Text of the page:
Monday, December 9, 2013

Why You Need to Welcome Emotions at the Negotiation Table

Logic-Emotion
Read Time: 5 minutes

Logic is great for analyzing what went wrong after the event. But it’s not so great for creative and emotional moment-to-moment decision-making. When you’re in the heat of it all, logic is hard to hang on to. Understanding how to move from being dominated by your emotions back to your logical side is critical to success in stressful situations.

An Example

You’re negotiating the biggest budget of your career — up to now anyway — and your client Fred says, “We just got a bid that’s half of yours.” Wham! You didn’t even know that there was a competitor involved. Everything just changed!

You’re surprised. All of a sudden you feel your heart beating in your ears. You’re caught off guard. Perhaps, you’re a little embarrassed, struggling in front of your team who thought (because of what you told them) that you had it in the bag. You’re certainly reassessing your relationship with Fred, who just blindsided you. And, as this all swirls around in your head, you begin feeling a little queasy, too.

You know from experience not to respond in the moment, but it’s hard not to let your disappointment, outrage and perhaps fear of losing, reduce you to your inner child — always a bad idea.

Earlier in your career, the half-price claim would have caused you to focus completely on your price and how to lower it. The client’s claim reframed the meeting from a high-level discussion to down-and-dirty market bargaining. In effect, you’ve just gone from attempting to achieve lofty mutual goals to haggling over a used car. That’s a natural knee-jerk emotional reaction to being hit by surprise. It changes everything in a heartbeat.

Instinctively you want to hit back: “What? You said we had the project and that we just needed to work out the details. What’s going on?”

Or, again instinctively, the roll-over reaction: “Well, I guess we could take a look at our pricing calculations.”

Both reactions are completely understandable in the heat of the moment. They are analogous to fight or flight. Both are focused on the price objection and lead to the same place: Less money, less respect or, worse, the loss of the project to the half-priced competitor.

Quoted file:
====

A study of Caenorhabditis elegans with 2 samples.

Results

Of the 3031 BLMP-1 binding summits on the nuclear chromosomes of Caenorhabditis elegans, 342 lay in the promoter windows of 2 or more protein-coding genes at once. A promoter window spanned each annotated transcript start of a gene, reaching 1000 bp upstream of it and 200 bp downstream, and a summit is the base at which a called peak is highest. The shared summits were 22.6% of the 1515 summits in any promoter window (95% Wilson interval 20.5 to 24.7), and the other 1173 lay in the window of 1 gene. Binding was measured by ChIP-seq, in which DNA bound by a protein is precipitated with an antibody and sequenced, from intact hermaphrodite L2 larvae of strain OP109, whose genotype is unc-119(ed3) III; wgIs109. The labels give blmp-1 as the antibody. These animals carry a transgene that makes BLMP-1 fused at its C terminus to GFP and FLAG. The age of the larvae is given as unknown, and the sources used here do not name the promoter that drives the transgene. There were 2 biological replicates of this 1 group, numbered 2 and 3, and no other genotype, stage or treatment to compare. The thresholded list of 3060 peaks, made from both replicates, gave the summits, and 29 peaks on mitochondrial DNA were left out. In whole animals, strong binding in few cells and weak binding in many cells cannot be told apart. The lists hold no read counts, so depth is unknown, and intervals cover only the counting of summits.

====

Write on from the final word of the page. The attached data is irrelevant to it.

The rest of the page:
I always thought that with experience, I’d no longer feel the tug of emotions overwhelming my rational self. Sadly, that hasn’t happened. But I have learned that when the emotions are running high, it’s a signal from myself telling me the following:

  • What’s going on is important
  • I’d better pay attention
  • I need to step back and get a little space on the subject. I may just need to take a deep breath or more time. In either case, it’s the reminder to not react that’s important.

What to Do

Because emotions are so powerful, you must prepare in advance to deal with them.

In my experience, the most important preparation is the simple recognition that these feelings are normal and can happen at any time. I call this the “take your head out of the sand” step. I used to simply pretend that these feelings didn’t exist. I’d go bravely into negotiations, actively suppressing the eventuality that I might react emotionally. The result of this maneuver was surprise and poor reactions every time my feelings did get aroused. Not good. But, by recognizing that my emotions could rage, I prepare myself to logically examine and rationally deal with them when they do.

Second, have a list of questions prepared that are both general and specific that you can refer to in the heat of the moment. A quick glance at your list can give you the needed tip to get past the narrow issue at hand, shift the context and get back in control of yourself and the situation.

Third, remember your accomplishments and credentials. Don’t forget that you were invited to the negotiations because of your skills and achievements. The client needs you to help them — you are an expert, have high standards and always deliver as promised.

What to Say

Since the half-price challenge caught us by surprise, it may be that something has changed since we started the conversation. We could ask, “Fred, has something changed since we last spoke?”

All we know is that Fred has cited a half-price competitor after indicating that we were already selected. We could say, “Fred, we’ve put our budget together to achieve what we understood to be your goals. What would you recommend?”

Often our opposite doesn’t have the authority to move forward and does not want to reveal their hidden constraints. “Have I misunderstood something about your goals, Fred?”

Think of these neutral, non-challenging questions as the first steps in unraveling what is really going on. Think of them as a part of your investigation. Make sure Fred understands that you see dealing with his half-price challenge as new information. New information that, after being properly investigated, will lead to a mutually satisfying result.

You can always ask my favorite question, “Fred, help me understand how you’d like to move forward.”

And, Finally

Using your natural, emotional responses to inform a rational response will serve you well at the bargaining table. It sure works for me.

This article originally appeared in Branding Magazine.